A young pastor once wrote me with this excellent question. He is still fairly new at his church and has gone to pastor a church in an area and culture that is pretty foreign to him. One of the challenges this poses is how to find common interests with his people in the church, especially the elderly. He finds he is having a hard time connecting on several levels and gets nervous when they invite him to fish or garden when he has never done either one.
Here was my response with hopes it might help some of you facing the same challenges in your church:
This is a great question and one to consider in light of where you serve. The best thing to do to win them as your pastor is to go see them where they are and do what they do with them. If you don’t fish, go fishing with them and learn to do it. If they like to garden, go with them and ask them to teach you. I found myself doing many of those things to communicate my desire to get to know them and learn about what they love. If you think about it, it is better for you to go do things with them they love you don’t, as that communicates most powerfully your love for them in those sacrificial efforts as well as a teachable spirit to learn from them.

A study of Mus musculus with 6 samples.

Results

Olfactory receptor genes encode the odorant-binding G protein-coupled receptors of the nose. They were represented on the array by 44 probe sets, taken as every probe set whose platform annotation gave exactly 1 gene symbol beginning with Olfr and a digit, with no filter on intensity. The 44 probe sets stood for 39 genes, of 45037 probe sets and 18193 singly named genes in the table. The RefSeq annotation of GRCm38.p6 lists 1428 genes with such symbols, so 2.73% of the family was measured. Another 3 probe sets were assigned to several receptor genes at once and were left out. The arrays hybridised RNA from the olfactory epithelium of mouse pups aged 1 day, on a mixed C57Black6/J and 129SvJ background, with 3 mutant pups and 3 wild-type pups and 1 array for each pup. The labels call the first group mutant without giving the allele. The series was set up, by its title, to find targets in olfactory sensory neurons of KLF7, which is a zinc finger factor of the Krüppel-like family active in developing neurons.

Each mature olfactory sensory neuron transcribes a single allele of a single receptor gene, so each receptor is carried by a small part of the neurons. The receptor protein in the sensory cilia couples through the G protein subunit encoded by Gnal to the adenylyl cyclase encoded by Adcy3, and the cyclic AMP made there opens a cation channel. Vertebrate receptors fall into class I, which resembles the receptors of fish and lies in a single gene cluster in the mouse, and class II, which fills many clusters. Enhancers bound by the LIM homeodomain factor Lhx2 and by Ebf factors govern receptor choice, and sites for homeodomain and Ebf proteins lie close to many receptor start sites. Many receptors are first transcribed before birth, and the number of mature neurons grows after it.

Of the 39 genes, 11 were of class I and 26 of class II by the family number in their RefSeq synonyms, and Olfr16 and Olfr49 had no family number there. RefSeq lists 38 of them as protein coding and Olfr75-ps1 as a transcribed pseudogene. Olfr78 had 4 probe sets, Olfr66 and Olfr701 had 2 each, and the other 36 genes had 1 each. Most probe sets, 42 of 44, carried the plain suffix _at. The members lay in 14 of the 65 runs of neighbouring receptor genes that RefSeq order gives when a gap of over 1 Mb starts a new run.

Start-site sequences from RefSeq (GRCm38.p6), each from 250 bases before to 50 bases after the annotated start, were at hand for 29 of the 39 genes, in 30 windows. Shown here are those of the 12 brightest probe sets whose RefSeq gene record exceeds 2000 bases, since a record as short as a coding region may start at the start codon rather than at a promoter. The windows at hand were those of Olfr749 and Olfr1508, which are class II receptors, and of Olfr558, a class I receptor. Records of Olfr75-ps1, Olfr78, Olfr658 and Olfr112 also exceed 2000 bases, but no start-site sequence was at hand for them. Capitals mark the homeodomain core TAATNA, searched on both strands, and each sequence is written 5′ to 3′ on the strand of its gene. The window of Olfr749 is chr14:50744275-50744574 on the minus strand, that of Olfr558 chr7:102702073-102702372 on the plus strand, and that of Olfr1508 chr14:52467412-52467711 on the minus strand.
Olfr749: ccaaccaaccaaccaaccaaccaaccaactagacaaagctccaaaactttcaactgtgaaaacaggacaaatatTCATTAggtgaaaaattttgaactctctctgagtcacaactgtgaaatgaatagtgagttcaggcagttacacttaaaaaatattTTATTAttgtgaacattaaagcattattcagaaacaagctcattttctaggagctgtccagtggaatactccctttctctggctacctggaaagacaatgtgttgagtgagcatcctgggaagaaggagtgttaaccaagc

I have gardened, walked 5 miles on a track with an 90-year-old, got whipped in Wii golf by an elderly man, and taken a group of older ladies to Cracker Barrel for lunch–not because I necessarily loved to do those things, but because I loved them and wanted to communicate it to them. Because it was with my folks, I enjoyed all of these activities. Apply this principle and I think you will see some fruit over time. If not, the Lord will most certainly mature you as you sacrifice for your people and seek to love them in this way. This is one of the best ways not just to build relationships with your people, but to break down walls of resistance that may exist towards the young, new pastor.
Pastors, whether it is your wife, children, or flock sometimes love and sacrifice is most powerfully communicated when you do something they love and you don’t. Applying this principle in your family and ministry will serve you well.